No Weapons Signs in School
Although school violence declined sharply between 1993 and 2003, improvements have leveled off since then, leaving a smaller but still significant number of violent incidents each year.

Many of us who aren't teachers might be inclined to think that weapons rarely show up on our local high school or middle school campuses – that knives and guns mostly show up in that other neighborhood, the one we bought a nice house to avoid. Or if we do live in tough environs, we might assume that our own child is safe because he or she doesn't “run with that crowd”. We might live in a state with a strict attitude towards firearms – or one with relatively low incidence of school violence.

Despite our denials, school violence is a stubborn problem – and even though it’s gotten better with time, it’s far from solved. According to the CDC, roughly 17 students from across the United States are killed at school every year. Although the number of students who reported carrying weapons to school over the last 30 days dropped from around 26% to 16% over the period from 1993-2003 – having peaked during the crack epidemic – the percentage has remained flat ever since.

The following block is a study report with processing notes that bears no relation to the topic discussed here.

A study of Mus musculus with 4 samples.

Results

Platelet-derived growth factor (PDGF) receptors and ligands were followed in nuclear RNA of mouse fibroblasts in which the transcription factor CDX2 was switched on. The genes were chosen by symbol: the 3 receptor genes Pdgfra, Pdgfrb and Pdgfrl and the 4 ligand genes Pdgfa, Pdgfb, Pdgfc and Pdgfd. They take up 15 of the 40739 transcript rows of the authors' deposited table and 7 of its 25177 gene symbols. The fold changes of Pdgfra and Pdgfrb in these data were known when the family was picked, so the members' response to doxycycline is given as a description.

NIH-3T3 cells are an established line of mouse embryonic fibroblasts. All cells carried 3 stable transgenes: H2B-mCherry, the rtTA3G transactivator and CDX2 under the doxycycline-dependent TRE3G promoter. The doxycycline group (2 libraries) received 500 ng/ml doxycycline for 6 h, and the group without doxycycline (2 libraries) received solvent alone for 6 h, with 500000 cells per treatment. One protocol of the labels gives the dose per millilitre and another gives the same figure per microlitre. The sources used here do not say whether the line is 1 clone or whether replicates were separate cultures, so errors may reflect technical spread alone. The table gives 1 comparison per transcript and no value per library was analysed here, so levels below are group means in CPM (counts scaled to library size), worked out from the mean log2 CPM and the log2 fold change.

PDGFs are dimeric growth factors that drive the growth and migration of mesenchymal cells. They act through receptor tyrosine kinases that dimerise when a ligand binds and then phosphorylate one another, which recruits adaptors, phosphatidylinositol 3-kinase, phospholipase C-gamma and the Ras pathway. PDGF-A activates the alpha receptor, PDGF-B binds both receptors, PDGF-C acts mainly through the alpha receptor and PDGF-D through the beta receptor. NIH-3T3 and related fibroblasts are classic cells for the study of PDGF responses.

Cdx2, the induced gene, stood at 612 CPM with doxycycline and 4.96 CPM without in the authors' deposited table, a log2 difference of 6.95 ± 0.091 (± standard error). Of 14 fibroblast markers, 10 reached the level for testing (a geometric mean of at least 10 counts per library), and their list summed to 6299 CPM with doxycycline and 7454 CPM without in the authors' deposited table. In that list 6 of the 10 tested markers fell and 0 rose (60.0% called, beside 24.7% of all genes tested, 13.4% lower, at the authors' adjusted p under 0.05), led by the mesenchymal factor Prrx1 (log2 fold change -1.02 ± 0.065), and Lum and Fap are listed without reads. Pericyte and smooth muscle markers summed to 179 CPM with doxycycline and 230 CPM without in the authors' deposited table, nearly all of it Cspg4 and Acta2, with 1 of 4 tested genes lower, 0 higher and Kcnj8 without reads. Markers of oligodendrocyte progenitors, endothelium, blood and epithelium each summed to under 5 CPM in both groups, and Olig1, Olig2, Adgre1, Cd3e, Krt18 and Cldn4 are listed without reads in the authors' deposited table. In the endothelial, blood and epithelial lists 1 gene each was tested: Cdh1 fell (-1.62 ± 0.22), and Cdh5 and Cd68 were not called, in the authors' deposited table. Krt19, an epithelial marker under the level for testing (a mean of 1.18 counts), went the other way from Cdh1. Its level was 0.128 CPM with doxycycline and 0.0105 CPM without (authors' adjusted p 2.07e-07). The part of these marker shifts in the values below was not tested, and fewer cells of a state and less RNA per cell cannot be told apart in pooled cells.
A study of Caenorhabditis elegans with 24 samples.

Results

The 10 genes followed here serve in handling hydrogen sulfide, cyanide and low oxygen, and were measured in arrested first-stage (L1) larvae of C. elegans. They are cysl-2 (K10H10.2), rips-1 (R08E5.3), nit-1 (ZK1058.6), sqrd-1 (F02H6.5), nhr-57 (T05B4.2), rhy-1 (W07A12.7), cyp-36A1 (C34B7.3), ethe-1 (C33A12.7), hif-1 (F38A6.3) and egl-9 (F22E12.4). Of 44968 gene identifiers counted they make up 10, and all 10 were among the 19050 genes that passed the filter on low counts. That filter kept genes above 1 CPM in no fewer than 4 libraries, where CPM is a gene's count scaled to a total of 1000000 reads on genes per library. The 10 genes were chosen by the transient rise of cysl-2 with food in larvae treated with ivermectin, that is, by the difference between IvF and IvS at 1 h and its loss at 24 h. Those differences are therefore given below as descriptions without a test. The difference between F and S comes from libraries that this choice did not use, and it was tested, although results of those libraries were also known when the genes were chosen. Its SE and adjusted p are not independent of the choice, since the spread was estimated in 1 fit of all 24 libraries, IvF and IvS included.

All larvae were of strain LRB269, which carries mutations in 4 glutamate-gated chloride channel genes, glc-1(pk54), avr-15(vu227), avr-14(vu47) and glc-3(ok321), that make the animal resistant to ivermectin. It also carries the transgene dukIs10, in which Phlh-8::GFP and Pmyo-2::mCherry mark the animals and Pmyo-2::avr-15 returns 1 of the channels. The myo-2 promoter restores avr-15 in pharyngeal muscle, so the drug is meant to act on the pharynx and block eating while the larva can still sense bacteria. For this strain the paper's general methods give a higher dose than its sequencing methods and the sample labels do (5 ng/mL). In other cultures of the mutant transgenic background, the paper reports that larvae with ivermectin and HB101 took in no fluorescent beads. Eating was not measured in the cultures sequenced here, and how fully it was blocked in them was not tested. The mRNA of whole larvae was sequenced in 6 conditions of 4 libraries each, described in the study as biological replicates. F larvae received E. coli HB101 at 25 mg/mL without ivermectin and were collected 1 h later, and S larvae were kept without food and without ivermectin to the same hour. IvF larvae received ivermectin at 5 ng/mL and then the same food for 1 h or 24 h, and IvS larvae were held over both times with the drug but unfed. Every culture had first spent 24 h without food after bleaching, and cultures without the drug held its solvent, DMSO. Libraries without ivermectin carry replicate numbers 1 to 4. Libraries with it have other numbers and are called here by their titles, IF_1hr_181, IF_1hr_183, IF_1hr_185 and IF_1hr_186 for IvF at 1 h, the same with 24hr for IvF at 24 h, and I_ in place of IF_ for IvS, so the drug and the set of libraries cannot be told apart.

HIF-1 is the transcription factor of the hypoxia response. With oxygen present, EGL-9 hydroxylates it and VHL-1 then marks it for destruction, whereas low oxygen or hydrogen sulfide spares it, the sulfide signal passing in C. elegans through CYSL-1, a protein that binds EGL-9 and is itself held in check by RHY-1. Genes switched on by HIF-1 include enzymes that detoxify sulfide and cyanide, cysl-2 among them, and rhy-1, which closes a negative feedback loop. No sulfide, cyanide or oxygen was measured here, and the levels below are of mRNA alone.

Meanwhile, the proportion of children who report having missed one or more days of school over the prior 30 days because they felt unsafe has actually risen slightly between the ’90s and today, according to statistics from the CDC’s Youth Risk Behavior Surveillance System (YRBSS). Although Columbine and other high school shootings may be what come most readily to mind when we discuss school violence, the evidence suggests a low-grade fever of a problem that a minority of students suffer regularly from.

The FBI’s statistics show that “personal weapons” like fists or feet were by far the most frequent tool of school violence between 2000 and 2004, having been used 3.2 times as often as all other weapons combined. Weapons like knives are still popular (far moreso than handguns, anyway – in 2004, 2,852 crimes involving cutting instruments were reported in the US, compared to a total of 858 for all types of firearms).

So although the FBI has concluded that school violence is on a long-term downward trend – seepage 31 – and weapons are less common now than they have been in the past, there is a minority of students who feel the need to arm themselves before they leave for the day. In every state in the union, it’s illegal for students to carry weapons into school, so it’s important for signs to reinforce the tough message that responsible administrators convey, and surely all agree on: schools are no place for violent behavior.